Lethal Influenza in Two Related Adults with Inherited GATA2 Deficiency
The pathogenesis of life-threatening influenza A virus (IAV) disease remains elusive, as infection is benign in most individuals. We studied two relatives who died from influenza. We Sanger sequenced GATA2 and evaluated the mutation by gene transfer, measured serum cytokine levels, and analyzed circulating T- and B-cells. Both patients (father and son, P1 and P2) died in 2011 of H1N1pdm IAV infection at the ages of 54 and 31 years, respectively. They had not suffered from severe or moderately severe infections in the last 17 (P1) and 15 years (P2). A daughter of P1 had died at 20 years from infectious complications. Low B-cell, NK- cell, and monocyte numbers and myelodysplastic syndrome led to sequence GATA2. Patients were heterozygous for a novel, hypomorphic, R396L mutation leading to haplo-insufficiency. B- and T-cell rearrangement in peripheral blood from P1 during the influenza episode showed expansion of one major clone. No T-cell receptor excision circles were detected in P1 and P3 since they were 35 and 18 years, respectively. Both patients presented an exuberant, interferon (IFN)-γ-mediated hypercytokinemia during H1N1pdm infection. No data about patients with viremia was available. Two previously reported adult GATA2-deficient patients died from severe H1N1 IAV infection; GATA2 deficiency may predispose to life-threatening influenza in adulthood. However, a role of other genetic variants involved in immune responses cannot be ruled out. Patients with GATA2 deficiency can reach young adulthood without severe infections, including influenza, despite long-lasting complete B-cell and natural killer (NK) cell deficiency, as well as profoundly diminished T-cell thymic output.
KeywordsImmunodeficiency GATA2 influenza A virus H1N1 immunological memory
We would like to thank the patients and their families for their trust. We are highly indebted to Judith Noda, Juantxo Aróstegui, Yanira Florido, Nereida González-Quevedo, Ana Domínguez, Rafael Camacho, Mónica González-Esguevillas, and Teresa Molero for technical assistance.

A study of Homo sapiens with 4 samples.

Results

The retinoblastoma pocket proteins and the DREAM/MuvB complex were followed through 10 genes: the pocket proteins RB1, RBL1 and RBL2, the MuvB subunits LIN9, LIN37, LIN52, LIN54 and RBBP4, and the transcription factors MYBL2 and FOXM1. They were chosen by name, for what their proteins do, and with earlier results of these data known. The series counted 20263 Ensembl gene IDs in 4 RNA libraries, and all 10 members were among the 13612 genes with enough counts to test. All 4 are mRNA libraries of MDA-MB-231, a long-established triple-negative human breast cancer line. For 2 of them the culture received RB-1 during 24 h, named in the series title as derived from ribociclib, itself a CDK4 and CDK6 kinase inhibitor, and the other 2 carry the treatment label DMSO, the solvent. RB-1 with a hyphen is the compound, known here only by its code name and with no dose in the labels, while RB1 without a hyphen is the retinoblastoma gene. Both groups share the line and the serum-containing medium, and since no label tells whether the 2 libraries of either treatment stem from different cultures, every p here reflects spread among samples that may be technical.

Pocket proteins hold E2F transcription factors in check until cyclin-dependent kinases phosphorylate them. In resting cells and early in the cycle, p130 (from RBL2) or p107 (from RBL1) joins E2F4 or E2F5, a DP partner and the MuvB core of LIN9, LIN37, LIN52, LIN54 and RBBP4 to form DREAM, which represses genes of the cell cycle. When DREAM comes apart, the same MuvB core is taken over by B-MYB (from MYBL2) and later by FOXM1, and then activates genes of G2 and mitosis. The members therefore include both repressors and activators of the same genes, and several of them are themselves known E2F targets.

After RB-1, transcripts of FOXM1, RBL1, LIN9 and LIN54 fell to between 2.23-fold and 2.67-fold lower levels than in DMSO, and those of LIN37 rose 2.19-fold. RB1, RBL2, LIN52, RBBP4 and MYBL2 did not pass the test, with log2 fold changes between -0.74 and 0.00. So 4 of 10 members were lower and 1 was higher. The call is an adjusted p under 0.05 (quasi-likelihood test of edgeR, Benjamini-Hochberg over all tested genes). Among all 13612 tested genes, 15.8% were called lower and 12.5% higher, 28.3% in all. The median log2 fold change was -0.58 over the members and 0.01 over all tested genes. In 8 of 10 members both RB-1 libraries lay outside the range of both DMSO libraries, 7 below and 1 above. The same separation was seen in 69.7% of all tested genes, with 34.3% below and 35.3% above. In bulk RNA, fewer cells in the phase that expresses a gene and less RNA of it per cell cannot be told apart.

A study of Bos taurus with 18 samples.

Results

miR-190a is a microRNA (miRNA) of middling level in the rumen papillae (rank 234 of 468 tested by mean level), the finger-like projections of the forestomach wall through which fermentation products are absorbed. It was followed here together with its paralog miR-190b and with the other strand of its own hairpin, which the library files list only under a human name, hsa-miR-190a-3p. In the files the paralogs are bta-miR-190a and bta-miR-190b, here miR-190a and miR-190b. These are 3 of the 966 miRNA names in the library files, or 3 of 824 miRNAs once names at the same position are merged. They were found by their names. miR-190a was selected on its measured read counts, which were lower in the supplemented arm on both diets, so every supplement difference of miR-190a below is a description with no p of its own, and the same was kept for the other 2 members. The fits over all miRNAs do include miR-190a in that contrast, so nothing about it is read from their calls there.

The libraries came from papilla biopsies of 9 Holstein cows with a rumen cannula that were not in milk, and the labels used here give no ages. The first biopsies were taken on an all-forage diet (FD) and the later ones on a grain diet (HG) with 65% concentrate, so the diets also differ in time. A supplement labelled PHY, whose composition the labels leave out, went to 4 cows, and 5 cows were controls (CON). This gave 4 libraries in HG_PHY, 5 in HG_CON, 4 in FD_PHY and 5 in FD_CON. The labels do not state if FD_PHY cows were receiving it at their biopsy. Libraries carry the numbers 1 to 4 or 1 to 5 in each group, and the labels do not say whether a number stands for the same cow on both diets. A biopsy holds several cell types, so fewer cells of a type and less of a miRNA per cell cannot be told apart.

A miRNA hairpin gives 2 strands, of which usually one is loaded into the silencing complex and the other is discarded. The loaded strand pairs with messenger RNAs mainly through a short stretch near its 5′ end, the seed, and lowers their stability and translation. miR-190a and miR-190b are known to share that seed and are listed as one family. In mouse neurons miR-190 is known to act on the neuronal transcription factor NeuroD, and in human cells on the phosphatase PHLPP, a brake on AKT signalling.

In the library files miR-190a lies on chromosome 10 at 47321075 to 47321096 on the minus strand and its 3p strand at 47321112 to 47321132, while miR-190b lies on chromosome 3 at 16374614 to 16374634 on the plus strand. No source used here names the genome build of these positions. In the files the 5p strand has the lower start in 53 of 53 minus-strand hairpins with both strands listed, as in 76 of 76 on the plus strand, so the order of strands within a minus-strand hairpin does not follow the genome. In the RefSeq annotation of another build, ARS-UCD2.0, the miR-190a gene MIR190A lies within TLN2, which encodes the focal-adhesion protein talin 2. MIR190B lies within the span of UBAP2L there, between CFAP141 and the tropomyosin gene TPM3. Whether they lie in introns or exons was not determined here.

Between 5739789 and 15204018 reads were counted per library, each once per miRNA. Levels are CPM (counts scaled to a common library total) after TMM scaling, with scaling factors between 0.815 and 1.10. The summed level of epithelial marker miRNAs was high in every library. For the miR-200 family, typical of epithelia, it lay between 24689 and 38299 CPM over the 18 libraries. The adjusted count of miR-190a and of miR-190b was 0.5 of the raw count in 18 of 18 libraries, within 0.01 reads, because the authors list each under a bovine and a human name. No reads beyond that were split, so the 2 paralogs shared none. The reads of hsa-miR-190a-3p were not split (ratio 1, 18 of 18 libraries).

I.S., M.T.M.-S., E.B.O.-J., E.B., I.C, C.O.-Q., M.M.-G., S.-Y. A., J.P., R.C., E. H.-R., C.P., M. L.-R., J.J.R.-H., C.B., M.A.-A.., M.A.F, M.J.C., J.-L.C., J.B., and C.R.-G. performed the research and analyzed and interpreted the data. J.S.V., J.M.F., F.R.C, and NF were responsible for the clinical evaluation of the patients and also collected and interpreted the data. C.R.-G. designed the research. C.R.G. and J-L.C. wrote the manuscript, and JB collaborated in writing the manuscript.
This work was supported by grants from the Instituto de Salud Carlos III, Ministry of Health [FIS PI13/01456 and FIS PI16/00759, with the funding of European Regional Development Fund-European Social Fund, FEDER-FSE] to [C.R-G.]; National Center for Research Resources and the National Center for Advancing Sciences (NCATS) [grant 8UL1TR000043]; National Institutes of Health [grant 5R01NS072381] to [J-L.C.]; the St. Giles Foundation, the French National Research Agency under the “Investments for the Future” program [grant ANR-10-IAHU-01]; the Laboratoire d’Excellence Integrative Biology of Emerging Infectious Diseases [ANR-10-LABX-62-IBEID], ANR grants [ANR2014-IEIHSEER] to [S-Y.Z.]; [ANR2016-GENMSMD] to [J.B.]; INSERM, Paris Descartes University; Universidad de Las Palmas de Gran Canaria (fellowship to [E.H.R.]); and Instituto de Salud Carlos III, Ministerio de Economía y Competitividad (fellowship [FI 11/00593] to [M.L-R.]). The sponsors of the study had no role in designing the study, collecting, analyzing, and interpreting the data, or writing of the paper.
Compliance with Ethical Standards
This research has been performed in accordance with the Declaration of Helsinki. The protocols were approved by Clinical Research Ethics Committees of hospitals involved. Written informed consent for the study was obtained from their legal representative.
Conflicts of Interest
The authors declare that they have no conflict of interest.